Institute of Women’s Studies publishes report on masculinity, gender dynamics under occupation

The study explores the life histories that led to the prevailing views on gender dynamics and relations in Palestine  

The Institute of Women's Studies at Birzeit University has published a new study exploring masculinity and gender dynamics in the occupied Palestinian Territories. Entitled "Formations of Masculinities and Gender Dynamics in the Palestinian Colonial Context,” the study was authored by Eileen Kuttab, Nida Abu Awwad, Rema Hammami, and Lena Meari, all of whom are researchers at the institute. 

To explore the attitudes, life histories, and practices of various groups in the Palestinian community, the study used data collected under the International Men and Gender Equality Survey (IMAGES MENA), a multi-country study coordinated by Promundo and UN Women in partnership with research partners in Egypt, Lebanon, Morocco, and Palestine. In total, data from 2,399 respondents (1,200 men and 1,199 women), representing urban, rural and refugee camp residents in the occupied Palestinian territories, was used in the study.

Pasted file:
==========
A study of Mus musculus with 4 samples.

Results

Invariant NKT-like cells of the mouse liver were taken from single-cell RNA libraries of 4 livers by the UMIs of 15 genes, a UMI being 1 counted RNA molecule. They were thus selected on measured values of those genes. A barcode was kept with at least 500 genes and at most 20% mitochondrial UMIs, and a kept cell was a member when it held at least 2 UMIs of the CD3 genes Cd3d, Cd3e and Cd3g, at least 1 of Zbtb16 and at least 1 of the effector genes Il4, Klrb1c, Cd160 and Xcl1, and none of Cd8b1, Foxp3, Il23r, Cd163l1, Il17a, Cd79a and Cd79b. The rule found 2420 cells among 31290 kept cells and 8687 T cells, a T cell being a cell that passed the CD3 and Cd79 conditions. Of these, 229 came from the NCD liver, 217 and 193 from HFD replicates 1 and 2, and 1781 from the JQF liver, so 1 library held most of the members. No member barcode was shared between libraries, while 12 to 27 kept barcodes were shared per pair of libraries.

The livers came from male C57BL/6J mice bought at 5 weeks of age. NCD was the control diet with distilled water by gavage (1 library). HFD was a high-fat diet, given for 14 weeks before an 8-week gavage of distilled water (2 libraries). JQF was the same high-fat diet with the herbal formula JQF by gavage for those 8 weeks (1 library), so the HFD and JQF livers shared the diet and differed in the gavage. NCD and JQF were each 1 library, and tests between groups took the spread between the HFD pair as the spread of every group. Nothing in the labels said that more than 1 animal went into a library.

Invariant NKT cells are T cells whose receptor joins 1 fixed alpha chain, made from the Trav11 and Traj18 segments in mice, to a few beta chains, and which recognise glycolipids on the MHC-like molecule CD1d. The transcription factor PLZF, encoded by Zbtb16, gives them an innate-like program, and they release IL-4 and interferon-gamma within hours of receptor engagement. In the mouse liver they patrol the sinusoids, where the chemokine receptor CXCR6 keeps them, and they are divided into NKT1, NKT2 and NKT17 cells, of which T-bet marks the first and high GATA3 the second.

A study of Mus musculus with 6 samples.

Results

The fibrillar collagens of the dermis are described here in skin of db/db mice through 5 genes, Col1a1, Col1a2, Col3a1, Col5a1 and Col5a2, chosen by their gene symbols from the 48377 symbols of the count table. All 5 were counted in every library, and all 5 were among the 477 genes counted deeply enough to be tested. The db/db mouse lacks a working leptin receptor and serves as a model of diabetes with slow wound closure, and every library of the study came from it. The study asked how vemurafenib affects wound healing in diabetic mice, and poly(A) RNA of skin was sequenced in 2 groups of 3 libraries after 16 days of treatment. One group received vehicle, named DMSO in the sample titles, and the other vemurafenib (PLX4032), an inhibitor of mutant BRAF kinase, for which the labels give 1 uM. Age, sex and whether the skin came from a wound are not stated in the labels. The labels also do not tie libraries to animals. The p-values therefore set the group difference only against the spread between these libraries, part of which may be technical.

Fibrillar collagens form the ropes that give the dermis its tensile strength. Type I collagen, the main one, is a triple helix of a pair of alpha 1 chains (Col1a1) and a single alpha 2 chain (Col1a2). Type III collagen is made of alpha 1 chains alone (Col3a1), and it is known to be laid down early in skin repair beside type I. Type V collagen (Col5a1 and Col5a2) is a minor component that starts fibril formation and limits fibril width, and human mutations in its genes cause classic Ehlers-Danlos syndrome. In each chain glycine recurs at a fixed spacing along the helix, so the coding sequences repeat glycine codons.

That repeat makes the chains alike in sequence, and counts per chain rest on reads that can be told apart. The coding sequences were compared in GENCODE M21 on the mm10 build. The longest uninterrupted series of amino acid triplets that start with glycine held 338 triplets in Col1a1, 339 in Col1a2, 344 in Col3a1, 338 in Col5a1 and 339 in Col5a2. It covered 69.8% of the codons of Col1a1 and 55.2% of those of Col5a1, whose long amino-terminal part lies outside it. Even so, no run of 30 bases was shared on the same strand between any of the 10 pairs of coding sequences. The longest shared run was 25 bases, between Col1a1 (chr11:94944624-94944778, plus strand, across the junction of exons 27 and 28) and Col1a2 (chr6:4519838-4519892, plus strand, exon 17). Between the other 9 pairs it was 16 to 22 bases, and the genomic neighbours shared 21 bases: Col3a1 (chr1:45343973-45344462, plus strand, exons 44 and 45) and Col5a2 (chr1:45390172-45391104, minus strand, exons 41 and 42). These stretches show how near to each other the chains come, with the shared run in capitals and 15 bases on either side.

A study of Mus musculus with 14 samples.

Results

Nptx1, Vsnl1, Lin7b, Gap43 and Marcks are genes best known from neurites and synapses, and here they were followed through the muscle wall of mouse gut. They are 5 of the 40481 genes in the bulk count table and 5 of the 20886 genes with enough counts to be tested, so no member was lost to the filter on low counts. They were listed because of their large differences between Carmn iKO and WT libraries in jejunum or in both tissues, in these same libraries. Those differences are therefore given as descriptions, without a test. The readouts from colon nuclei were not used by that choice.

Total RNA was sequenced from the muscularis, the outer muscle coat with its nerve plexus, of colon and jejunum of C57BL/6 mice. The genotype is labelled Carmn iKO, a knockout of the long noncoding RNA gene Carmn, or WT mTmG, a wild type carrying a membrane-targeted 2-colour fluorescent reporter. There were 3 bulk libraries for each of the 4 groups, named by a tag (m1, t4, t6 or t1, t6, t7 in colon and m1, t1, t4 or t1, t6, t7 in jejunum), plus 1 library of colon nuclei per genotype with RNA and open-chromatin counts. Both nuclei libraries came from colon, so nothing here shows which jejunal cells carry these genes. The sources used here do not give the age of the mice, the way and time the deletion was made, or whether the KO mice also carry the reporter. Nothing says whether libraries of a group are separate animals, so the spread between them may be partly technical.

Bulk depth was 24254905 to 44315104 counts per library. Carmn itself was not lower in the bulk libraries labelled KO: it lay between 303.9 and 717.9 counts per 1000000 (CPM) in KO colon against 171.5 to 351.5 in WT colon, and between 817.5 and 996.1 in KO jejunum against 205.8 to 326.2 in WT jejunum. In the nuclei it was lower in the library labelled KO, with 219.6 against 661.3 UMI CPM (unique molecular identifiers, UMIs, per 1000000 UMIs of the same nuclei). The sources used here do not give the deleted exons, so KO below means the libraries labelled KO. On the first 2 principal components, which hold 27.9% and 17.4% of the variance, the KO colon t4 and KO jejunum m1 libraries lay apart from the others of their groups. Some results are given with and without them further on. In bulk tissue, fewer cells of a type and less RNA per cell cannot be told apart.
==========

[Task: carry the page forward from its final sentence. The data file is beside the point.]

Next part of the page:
Two focus groups were conducted with university male and female students from various geographical areas, and in-depth interviews were conducted with twelve “gender equitable men” and twelve “empowered women” to explore the life histories that led to the prevailing attitudes regarding masculinity and gender dynamics. Additionally, six male ex-political prisoners and four wives of current and former Palestinian political prisoners were interviewed to understand the effects of political captivity on gender dynamics and relations and transformations therein. 

Overall, the study finds that equitable gender attitudes are constructed by various elements in Palestine, including the socioeconomic background of the respondents. Respondent attitudes, the study reports, have varied from one issue to another, indicating some levels of achievement in Palestine in this area. The study also points out that women hold more equitable views than men in general, while men with higher income, more education, and whose fathers participated in feminine household work show more equitable attitudes. These results, the authors argue, demonstrate the possibility of transformation of male perceptions toward these issues among new, educated generations. 

To read the full study (in English and Arabic), visit this link.